TV is getting yet another awards show.
This time it's the iHeartRadio Music Awards, which NBC said this week it will air in conjunction with Clear Channel on May 1. But it's only the latest new awards show as the genre sets new highs for the modern era -- a time when big live audiences are otherwise increasingly rare.
Aside from adding the iHeartRadio Music Awards, NBC also plans to revive the American Comedy Awards in May and introduce the People Magazine Awards later this year. And CBS struck a deal in January to air the Hollywood Film Awards, a 17-year-old event that typically takes place in October.
The newcomers join a crowd of established trophy handouts and industry self-celebrations, of course, that include this Sunday's Academy Awards, last month's Grammy Awards, the Emmys, the Golden Globes, the American Music Awards and the CMAs.
Award shows are increasingly compelling to both networks and advertisers eager for live events that are relatively DVR-proof and spawn a lot of social media conversation.
Much like sports on TV, awards shows can generate in-the-moment experiences that viewers don't want to miss, said Brent Poer, president at LiquidThread North America, Starcom MediaVest Group's branded content division. Social networks, especially Twitter, have added to this urgency.
Already this awards season, the Grammy Awards posted its second most-watched telecast since 1993 and the Golden Globes hit a 10-year high. The American Music Awards in November was the most-watched in four years. And the CMAs brought in its biggest audience since 2009.
The Emmys, Tonys, People's Choice Awards and BET Awards also set records last year.
Perhaps not surprisingly, then, awards shows have also seen growth in ad dollars.
The Golden Globes generated $30.2 million in ad revenue for NBC in 2013, up from $28.9 million the year prior, according to Kantar Media. The Grammys brought in $72.7 million last year, up from $64.6 million the year prior.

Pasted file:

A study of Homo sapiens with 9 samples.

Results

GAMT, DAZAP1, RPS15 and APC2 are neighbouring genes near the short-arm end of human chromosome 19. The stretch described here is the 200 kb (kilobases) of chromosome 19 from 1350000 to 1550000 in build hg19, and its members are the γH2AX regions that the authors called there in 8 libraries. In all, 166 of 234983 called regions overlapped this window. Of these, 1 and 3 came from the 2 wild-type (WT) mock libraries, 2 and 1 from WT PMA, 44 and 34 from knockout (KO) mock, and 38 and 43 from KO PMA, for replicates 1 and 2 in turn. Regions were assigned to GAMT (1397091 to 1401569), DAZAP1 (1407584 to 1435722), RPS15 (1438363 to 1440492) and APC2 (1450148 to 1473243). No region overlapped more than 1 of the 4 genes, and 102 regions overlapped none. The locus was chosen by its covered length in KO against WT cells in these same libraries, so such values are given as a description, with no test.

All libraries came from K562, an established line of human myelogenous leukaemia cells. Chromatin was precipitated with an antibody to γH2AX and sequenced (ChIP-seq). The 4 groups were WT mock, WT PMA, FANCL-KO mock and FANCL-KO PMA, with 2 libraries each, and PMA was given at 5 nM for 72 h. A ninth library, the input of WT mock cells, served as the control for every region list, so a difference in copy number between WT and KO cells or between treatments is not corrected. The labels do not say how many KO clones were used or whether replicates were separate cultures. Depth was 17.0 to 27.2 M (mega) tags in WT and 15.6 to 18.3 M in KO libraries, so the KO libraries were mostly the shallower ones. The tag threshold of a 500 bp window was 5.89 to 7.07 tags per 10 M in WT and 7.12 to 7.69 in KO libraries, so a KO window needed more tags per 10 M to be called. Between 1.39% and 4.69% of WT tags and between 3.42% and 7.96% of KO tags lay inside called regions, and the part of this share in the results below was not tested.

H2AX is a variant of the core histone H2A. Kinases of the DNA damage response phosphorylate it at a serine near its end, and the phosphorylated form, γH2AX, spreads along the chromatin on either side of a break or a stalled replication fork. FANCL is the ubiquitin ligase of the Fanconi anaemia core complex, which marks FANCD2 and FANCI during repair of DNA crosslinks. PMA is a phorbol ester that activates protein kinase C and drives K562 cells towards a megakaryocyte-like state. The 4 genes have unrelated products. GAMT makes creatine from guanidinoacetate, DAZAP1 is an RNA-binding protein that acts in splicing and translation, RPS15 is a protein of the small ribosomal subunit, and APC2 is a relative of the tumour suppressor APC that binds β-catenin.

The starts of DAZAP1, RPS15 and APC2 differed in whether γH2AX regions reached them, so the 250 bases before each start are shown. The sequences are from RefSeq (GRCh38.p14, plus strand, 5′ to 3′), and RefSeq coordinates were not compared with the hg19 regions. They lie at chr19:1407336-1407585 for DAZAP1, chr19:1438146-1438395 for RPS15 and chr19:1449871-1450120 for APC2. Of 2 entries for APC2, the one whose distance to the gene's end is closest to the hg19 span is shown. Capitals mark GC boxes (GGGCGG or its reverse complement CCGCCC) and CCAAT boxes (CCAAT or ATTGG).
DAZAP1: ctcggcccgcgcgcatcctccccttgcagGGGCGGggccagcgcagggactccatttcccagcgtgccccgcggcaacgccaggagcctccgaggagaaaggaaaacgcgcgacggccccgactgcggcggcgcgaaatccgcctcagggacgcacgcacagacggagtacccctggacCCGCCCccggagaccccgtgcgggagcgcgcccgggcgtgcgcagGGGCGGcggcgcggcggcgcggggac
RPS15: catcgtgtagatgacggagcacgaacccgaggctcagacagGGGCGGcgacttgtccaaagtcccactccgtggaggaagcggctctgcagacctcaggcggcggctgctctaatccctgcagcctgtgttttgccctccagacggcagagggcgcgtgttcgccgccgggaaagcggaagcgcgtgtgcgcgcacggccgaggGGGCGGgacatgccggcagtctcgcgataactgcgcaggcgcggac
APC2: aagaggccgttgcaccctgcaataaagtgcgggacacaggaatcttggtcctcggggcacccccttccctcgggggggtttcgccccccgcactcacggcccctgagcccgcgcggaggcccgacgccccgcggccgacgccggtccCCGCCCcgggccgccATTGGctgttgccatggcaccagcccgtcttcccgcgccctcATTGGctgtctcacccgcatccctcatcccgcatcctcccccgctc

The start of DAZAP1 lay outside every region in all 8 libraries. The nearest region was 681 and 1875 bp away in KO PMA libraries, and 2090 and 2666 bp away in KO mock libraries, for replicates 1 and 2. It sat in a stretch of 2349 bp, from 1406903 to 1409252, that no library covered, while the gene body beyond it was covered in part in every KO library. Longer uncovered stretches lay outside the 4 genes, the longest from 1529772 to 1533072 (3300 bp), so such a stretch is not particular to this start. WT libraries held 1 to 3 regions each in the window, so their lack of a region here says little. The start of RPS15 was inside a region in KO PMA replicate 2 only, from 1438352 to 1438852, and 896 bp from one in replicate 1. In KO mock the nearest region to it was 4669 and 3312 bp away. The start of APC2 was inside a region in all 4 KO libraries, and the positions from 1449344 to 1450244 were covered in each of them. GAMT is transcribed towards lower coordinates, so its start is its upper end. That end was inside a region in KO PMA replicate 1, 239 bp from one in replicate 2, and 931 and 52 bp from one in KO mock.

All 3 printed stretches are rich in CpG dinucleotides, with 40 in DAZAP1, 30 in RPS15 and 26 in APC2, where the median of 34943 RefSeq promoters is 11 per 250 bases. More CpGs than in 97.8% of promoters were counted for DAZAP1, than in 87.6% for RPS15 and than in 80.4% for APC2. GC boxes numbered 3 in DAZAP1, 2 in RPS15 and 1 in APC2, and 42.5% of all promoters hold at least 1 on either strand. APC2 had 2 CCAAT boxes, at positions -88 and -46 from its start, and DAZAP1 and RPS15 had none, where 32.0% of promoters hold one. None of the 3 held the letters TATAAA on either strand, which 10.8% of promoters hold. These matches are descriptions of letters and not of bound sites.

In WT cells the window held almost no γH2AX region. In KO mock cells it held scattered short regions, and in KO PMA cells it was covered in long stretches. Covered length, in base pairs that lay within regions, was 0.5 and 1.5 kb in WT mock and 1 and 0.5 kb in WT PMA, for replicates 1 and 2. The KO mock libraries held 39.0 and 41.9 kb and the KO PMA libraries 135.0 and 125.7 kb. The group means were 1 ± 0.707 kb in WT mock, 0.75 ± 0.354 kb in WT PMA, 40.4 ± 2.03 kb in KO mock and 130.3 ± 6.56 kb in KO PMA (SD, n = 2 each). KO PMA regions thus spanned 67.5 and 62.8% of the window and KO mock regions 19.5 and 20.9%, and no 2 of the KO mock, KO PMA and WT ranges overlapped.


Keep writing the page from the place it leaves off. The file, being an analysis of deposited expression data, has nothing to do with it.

The Academy Awards, which will air on ABC this weekend, is fetching around $1.9 million for a 30-second spot, according to buyers, up from about $1.7 million to $1.8 million in 2013.
Last year's Oscars brought in an all-time high of $88.3 million in ad revenue, a solid increase from $82.1 million in 2012. The telecast last year drew 40.3 million viewers, up from 39.3 million in 2012.
The most-watched Oscars was in 1998, when 55.3 million viewers watched "Titanic" win best picture as Billy Crystal hosted.
Awards shows also give marketers an opportunity to extend their reach on other screens. This year's Golden Globes generated 2.1 million tweets. And during the Grammys, a tweet from fast-food chain Arby's about Pharrell Williams' hat generated 75,000 retweets by the next morning.
But not every awards show is guaranteed gold, so marketers can't just bank on any broadcast that gives out a trophy. The CW's Young Hollywood Awards in August drew just 870,000 viewers in the key 18-to-49 demo, while the Teen Choice Awards on Fox was watched by a million less people than in 2012. TNT and TBS' combined telecast of the Screen Actors Guild Awards in January pulled an audience of 4.6 million -- down nearly 12% from the year prior.
For the upcoming Oscars telecast, the biggest risk will be the nominees' performance at the box office -- even with the expanded nominee slate designed to make sure hits can get slots. "It wasn't a big year for blockbuster films," said Billie Gold, VP-director of buying and programming research, Carat. "Most of the films nominated are independent and smaller films that fewer people saw." Ms. Gold predicts a slight ratings decrease for the Oscars from last year.